The Bank of England could name its new governor this week amid pressure to appoint a successor to Sir Mervyn King before the Chancellor's autumn statement.
Sir Mervyn has just over seven months to run before his second term ends on June 30.
But the Government is keen for the bank to announce its new boss before George Osborne's statement on December 5, according to The Sunday Times newspaper.
The job is the one of the most powerful in Britain, with the Bank of England taking on extra responsibilities for banking supervision as part of an overhaul of financial regulation following the economic crisis.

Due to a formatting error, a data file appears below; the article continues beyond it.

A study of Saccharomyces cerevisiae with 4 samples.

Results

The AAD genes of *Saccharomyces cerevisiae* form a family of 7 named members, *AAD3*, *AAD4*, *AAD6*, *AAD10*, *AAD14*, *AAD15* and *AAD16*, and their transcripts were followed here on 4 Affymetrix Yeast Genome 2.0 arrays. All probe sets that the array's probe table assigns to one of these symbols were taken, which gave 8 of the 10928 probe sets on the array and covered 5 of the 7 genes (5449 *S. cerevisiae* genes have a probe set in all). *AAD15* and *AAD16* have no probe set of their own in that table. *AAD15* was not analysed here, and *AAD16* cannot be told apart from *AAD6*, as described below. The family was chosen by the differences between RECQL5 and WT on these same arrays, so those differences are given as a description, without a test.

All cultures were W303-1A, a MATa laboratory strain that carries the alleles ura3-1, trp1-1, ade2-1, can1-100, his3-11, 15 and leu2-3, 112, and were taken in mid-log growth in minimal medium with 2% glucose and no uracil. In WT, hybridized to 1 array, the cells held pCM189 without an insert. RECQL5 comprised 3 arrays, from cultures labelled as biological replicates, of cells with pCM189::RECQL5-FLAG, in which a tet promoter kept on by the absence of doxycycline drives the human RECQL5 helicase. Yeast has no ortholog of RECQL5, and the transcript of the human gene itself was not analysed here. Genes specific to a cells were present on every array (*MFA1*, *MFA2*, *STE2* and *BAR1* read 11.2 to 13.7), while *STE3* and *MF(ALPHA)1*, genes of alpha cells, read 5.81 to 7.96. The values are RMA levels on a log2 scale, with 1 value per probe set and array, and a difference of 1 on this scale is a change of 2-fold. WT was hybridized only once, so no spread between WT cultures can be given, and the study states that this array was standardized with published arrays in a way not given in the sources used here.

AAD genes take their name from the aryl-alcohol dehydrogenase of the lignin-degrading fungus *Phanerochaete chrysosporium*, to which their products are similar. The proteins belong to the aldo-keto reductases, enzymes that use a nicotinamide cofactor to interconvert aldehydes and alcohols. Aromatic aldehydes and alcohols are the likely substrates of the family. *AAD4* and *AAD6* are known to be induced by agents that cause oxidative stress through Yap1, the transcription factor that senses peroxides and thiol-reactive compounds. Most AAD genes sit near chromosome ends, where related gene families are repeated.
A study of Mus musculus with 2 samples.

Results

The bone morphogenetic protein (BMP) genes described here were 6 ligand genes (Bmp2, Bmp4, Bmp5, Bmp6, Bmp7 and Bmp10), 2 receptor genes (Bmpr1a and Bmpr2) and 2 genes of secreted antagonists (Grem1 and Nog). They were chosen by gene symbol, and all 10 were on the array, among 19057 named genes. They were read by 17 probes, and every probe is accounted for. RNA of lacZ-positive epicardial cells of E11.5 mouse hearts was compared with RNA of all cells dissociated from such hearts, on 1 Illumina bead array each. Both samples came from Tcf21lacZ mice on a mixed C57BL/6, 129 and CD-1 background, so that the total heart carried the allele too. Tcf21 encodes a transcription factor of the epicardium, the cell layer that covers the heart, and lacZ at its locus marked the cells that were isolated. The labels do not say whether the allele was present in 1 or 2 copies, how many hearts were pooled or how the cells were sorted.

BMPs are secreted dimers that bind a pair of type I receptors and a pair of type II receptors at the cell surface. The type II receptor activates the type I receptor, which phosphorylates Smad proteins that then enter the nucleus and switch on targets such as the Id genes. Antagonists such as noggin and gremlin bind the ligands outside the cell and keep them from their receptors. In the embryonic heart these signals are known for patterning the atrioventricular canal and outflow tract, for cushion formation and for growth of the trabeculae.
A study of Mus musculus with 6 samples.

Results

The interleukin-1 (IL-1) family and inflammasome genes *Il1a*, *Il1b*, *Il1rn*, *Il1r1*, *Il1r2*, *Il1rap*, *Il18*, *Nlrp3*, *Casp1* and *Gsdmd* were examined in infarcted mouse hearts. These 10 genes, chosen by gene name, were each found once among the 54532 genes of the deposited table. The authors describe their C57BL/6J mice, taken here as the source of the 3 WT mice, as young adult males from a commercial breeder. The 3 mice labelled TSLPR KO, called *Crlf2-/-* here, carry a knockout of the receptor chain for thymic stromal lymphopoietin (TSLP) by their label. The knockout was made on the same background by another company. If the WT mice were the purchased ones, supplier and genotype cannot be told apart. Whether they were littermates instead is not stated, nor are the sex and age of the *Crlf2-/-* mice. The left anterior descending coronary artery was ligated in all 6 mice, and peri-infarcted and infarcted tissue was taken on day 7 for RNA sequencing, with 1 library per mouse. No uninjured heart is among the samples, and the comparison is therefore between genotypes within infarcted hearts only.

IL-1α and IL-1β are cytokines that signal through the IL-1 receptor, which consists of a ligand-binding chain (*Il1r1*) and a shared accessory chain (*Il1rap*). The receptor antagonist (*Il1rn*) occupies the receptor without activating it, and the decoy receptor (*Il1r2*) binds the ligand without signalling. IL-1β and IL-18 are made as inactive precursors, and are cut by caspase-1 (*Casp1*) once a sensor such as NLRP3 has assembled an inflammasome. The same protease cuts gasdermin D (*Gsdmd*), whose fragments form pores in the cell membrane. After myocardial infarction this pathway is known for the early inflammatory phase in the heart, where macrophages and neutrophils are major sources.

The governor will have responsibility for setting interest rates, regulating banks and other financial firms and heading a new committee designed to spot and ward off future crises.
Deputy governor Paul Tucker is thought to be the favourite for the job - the only bank insider considered a front-runner.
But Mr Tucker was recently embroiled in controversy surrounding the Barclays Libor rigging scandal.
Emails between himself and former Barclays boss Bob Diamond emerged that appeared to show Mr Tucker sanctioning the bank's efforts to manipulate its borrowing costs downwards.
But he survived a grilling on the issue by MPs on the Treasury Select Committee.
Other candidates are said to include Adair Turner, former chairman of the Financial Services Authority, Sir John Vickers, former Office of Fair Trading boss who led the Government's review into breaking up the banks, and Santander UK chairman Lord Burns.